Diffusion kurtosis imaging, a newly developed MRI-based technique, could find hard-to-detect lesions in patients with mild traumatic brain injury, according to a study presented at the 2006 International Society for Magnetic Resonance in Medicine meeting.
Diffusion kurtosis imaging, a newly developed MRI-based technique, could find hard-to-detect lesions in patients with mild traumatic brain injury, according to a study presented at the 2006 International Society for Magnetic Resonance in Medicine meeting. DKI could help radiologists understand persistent post-traumatic disorders affecting these patients.
Conventional diffusion tensor imaging gauges water diffusion of tissue, assuming a specific displacement distribution pattern. But water movement often contradicts this pattern, a sign of potentially anomalous tissue structure and pathophysiology.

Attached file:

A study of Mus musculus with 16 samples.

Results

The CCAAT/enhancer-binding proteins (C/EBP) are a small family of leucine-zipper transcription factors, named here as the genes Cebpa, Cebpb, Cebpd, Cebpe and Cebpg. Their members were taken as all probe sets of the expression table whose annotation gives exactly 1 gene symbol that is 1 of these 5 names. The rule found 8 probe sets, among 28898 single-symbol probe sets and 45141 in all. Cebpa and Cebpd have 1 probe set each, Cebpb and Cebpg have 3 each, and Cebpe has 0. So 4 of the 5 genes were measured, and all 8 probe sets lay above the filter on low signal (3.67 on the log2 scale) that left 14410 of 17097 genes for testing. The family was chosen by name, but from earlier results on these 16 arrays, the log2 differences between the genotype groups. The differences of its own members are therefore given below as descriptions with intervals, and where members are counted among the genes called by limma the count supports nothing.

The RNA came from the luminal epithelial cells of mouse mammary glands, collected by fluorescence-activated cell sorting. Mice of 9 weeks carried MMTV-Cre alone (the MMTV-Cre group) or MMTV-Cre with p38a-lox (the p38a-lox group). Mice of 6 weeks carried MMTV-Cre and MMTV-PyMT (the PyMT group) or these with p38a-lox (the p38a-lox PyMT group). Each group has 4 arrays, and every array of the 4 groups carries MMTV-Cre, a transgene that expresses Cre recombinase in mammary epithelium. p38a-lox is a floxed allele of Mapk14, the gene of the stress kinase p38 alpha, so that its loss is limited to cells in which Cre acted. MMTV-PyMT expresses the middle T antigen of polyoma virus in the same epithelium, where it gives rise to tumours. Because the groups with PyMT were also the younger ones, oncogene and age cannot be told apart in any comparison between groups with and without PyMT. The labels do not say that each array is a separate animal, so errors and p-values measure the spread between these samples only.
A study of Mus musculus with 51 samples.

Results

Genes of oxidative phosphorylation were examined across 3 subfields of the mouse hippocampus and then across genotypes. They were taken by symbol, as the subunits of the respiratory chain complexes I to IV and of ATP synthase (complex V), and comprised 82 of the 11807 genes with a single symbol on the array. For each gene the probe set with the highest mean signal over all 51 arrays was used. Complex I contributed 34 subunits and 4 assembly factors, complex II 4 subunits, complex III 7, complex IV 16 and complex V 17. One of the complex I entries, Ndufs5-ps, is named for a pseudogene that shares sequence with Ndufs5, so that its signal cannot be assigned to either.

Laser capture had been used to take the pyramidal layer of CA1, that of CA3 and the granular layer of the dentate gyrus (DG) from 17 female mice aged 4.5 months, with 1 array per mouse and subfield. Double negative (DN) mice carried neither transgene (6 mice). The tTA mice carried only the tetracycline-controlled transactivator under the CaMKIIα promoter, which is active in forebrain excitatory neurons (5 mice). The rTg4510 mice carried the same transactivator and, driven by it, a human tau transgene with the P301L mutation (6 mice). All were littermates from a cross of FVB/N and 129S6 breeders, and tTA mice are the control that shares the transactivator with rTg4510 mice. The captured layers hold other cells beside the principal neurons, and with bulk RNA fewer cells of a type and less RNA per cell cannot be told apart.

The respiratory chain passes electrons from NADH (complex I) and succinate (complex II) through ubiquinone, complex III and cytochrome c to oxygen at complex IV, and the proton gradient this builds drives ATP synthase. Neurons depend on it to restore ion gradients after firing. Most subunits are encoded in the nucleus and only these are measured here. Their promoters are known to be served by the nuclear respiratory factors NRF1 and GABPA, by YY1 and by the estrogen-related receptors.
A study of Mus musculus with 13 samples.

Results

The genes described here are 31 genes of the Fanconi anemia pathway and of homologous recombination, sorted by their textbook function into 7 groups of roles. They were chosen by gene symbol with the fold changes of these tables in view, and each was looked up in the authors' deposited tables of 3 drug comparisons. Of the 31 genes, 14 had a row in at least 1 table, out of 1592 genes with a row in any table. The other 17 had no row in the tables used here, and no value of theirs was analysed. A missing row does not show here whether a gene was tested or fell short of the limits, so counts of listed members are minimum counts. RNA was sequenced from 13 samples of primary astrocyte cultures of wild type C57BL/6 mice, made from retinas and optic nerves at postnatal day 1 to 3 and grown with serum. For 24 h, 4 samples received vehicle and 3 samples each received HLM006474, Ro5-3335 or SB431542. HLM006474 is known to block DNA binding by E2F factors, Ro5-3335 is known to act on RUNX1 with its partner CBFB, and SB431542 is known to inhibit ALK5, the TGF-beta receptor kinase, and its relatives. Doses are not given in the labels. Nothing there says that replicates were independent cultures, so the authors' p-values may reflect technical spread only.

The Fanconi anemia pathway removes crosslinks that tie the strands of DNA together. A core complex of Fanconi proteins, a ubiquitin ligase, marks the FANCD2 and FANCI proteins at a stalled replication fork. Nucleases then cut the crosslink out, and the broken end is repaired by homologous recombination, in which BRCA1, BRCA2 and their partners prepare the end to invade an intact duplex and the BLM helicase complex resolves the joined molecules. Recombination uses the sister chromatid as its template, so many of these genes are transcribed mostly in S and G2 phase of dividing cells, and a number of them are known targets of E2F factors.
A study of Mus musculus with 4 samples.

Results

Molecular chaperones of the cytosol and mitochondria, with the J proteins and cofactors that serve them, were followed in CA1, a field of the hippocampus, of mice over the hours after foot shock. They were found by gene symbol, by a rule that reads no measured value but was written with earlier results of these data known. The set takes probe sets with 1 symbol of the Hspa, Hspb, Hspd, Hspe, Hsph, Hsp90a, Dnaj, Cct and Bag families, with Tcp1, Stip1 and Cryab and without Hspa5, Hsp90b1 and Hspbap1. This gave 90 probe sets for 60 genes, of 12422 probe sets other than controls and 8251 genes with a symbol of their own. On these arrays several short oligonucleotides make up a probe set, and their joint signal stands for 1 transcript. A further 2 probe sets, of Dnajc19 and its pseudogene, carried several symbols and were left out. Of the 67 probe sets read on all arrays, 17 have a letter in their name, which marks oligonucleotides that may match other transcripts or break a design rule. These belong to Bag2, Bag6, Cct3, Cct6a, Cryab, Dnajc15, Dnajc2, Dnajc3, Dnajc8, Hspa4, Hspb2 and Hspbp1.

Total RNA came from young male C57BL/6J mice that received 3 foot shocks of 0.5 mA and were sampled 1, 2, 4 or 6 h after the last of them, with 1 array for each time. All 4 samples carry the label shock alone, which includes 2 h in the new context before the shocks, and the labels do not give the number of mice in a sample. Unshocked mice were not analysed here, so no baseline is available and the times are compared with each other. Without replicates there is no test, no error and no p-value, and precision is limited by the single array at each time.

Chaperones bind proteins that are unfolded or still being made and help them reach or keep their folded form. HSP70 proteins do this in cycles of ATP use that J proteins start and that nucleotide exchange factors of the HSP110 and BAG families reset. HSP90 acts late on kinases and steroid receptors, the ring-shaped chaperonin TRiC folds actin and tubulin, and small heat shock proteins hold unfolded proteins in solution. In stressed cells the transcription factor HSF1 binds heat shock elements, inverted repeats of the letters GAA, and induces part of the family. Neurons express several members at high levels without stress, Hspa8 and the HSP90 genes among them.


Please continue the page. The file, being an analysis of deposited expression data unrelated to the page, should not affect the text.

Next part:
DKI can provide an accurate means of measuring this phenomenon, said lead investigator Dr. Robert Grossman, director of radiology at New York University.
Grossman and colleagues assessed 16 patients with mild traumatic brain injury (MTBI) and 14 age-matched healthy control subjects using DKI on a 3T scanner. DKI showed significantly lower kurtosis rates in the thalamus of MTBI patients.
More than one million people suffer some form of mild brain injury each year. Patients show posttraumatic symptoms, including headaches, memory loss, and tingly or numb limbs, that last from just a few months to several years. The costs associated with their management are estimated at several billion dollars annually.
Standard CT or MR techniques can detect the thalamic damage responsible for diverse neuropsychological function impairment in patients with severe traumatic brain injury. But they may not be able to detect subtle thalamic lesions in patients with MTBI. DKI can find precisely these lesions during a 10-minute scan, researchers said.